Facebook is taking another step into the world of electronic payments. This time, they are joined by credit agencies, banks and other government bodies.
While the electronic payment system is slowly encroaching conventional payment methods, only a handful of companies have successfully managed to integrate them. Making payments using your smartphone is a possibility and Apple Watch favors the same. However, the patent which Facebook has registered is quite controversial and may provoke some of the users to abandon the social networking website permanently.
The patent has been granted to Facebook by the United States government based on which lenders can check the credit score obtained by the friends of the applicant. The system will not be implemented on a case by case basis. Rather, it will focus on the average credit score obtained by the applicant’s Facebook friends. If it is below average, the lender can immediately reject the application.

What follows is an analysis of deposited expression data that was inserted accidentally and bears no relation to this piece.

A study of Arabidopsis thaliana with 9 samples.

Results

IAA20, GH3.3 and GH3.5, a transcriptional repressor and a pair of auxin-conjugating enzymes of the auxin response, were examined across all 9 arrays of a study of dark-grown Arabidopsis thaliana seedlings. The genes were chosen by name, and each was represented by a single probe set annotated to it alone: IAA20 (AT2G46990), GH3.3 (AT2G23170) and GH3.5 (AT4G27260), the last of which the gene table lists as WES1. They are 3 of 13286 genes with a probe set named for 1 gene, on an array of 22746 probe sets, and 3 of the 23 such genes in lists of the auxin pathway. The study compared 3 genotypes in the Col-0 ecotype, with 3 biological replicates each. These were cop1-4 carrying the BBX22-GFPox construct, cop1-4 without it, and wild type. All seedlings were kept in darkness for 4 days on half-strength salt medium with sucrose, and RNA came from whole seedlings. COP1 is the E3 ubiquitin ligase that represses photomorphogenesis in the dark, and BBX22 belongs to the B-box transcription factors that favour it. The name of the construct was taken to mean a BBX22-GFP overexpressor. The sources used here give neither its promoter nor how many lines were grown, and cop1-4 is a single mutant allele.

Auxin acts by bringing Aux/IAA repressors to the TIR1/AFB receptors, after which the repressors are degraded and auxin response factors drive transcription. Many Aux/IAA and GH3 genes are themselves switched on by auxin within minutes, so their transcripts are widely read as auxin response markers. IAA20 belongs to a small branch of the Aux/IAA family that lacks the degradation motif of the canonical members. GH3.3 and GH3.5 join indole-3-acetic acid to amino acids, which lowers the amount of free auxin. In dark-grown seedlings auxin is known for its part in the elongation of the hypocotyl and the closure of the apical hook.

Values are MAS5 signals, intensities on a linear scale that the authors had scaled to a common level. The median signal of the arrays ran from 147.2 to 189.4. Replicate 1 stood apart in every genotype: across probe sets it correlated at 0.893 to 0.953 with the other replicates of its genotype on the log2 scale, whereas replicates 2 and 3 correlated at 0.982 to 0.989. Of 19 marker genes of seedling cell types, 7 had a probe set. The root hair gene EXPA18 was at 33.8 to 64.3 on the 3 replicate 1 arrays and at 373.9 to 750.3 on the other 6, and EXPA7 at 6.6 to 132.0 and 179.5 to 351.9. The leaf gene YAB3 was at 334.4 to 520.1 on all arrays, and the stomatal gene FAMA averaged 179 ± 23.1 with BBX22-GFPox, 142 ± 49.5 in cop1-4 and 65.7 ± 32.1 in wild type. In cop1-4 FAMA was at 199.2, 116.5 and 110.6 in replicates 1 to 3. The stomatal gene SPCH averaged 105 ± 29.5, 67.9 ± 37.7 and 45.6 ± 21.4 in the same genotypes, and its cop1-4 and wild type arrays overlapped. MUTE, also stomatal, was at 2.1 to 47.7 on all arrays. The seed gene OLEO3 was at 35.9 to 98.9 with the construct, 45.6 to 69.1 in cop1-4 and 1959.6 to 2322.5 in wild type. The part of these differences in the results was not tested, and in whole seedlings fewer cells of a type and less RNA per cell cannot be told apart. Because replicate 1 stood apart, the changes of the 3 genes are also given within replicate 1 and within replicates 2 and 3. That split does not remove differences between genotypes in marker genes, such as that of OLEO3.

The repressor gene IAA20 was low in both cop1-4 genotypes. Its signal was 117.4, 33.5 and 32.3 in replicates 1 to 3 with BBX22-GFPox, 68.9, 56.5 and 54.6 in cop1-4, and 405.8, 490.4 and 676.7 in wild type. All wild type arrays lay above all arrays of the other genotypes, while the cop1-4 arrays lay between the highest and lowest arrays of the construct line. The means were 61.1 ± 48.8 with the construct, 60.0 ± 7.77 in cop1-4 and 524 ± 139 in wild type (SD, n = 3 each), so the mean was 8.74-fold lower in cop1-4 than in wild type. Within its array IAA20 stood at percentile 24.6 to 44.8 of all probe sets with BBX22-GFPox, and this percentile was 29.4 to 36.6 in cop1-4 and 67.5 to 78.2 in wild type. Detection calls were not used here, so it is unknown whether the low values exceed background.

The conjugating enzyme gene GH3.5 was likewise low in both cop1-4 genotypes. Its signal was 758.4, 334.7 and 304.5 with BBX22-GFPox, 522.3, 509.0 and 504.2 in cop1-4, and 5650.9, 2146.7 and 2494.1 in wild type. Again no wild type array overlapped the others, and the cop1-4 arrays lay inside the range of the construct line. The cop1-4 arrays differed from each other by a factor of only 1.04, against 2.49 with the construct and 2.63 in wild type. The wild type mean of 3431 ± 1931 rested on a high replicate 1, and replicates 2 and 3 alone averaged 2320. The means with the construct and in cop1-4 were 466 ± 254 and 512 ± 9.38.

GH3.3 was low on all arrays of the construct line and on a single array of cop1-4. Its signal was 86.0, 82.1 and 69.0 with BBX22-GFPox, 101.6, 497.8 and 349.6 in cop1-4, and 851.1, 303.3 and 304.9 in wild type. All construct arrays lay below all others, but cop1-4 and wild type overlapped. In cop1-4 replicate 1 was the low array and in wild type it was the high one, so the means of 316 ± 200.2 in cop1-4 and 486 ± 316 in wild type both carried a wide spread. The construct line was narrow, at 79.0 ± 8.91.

It saves them the time and money invested in researching every single application they receive on a daily basis. On the other hand, if the gross average is good, the loan application will be processed further. Such a unique patent to access user information and of their friends has been with Facebook for many years, since the time they acquired Friendster. However, they applied for revoking the patent in 2012 which has been approved now.
The patent also allows the website to ban random users from sending spam to a person they are not directly friends with and hide select people who don’t share any connection with them. The technology will allow the lenders to login to the platform and acquire personal information of people in their friends’ circle. While this is a clear violation of policy and may irate a lot of users, you should know the fact that when you sign up for an account and use it, you have already agreed to all their terms and conditions.
Besides, using the credit score of a couple of friends to determine the earning capacity of an individual is a baseless idea. Just because their friends have unpaid loans doesn’t make the person a defaulter. Besides, it could also affect the people who don’t have previous banking history and are seeking a loan.
At the moment, it is still in its early stages and the internet is abuzz with criticism. A majority of the population is against this new Facebook patent, which may or may not reach the people, based on how things go in the near future.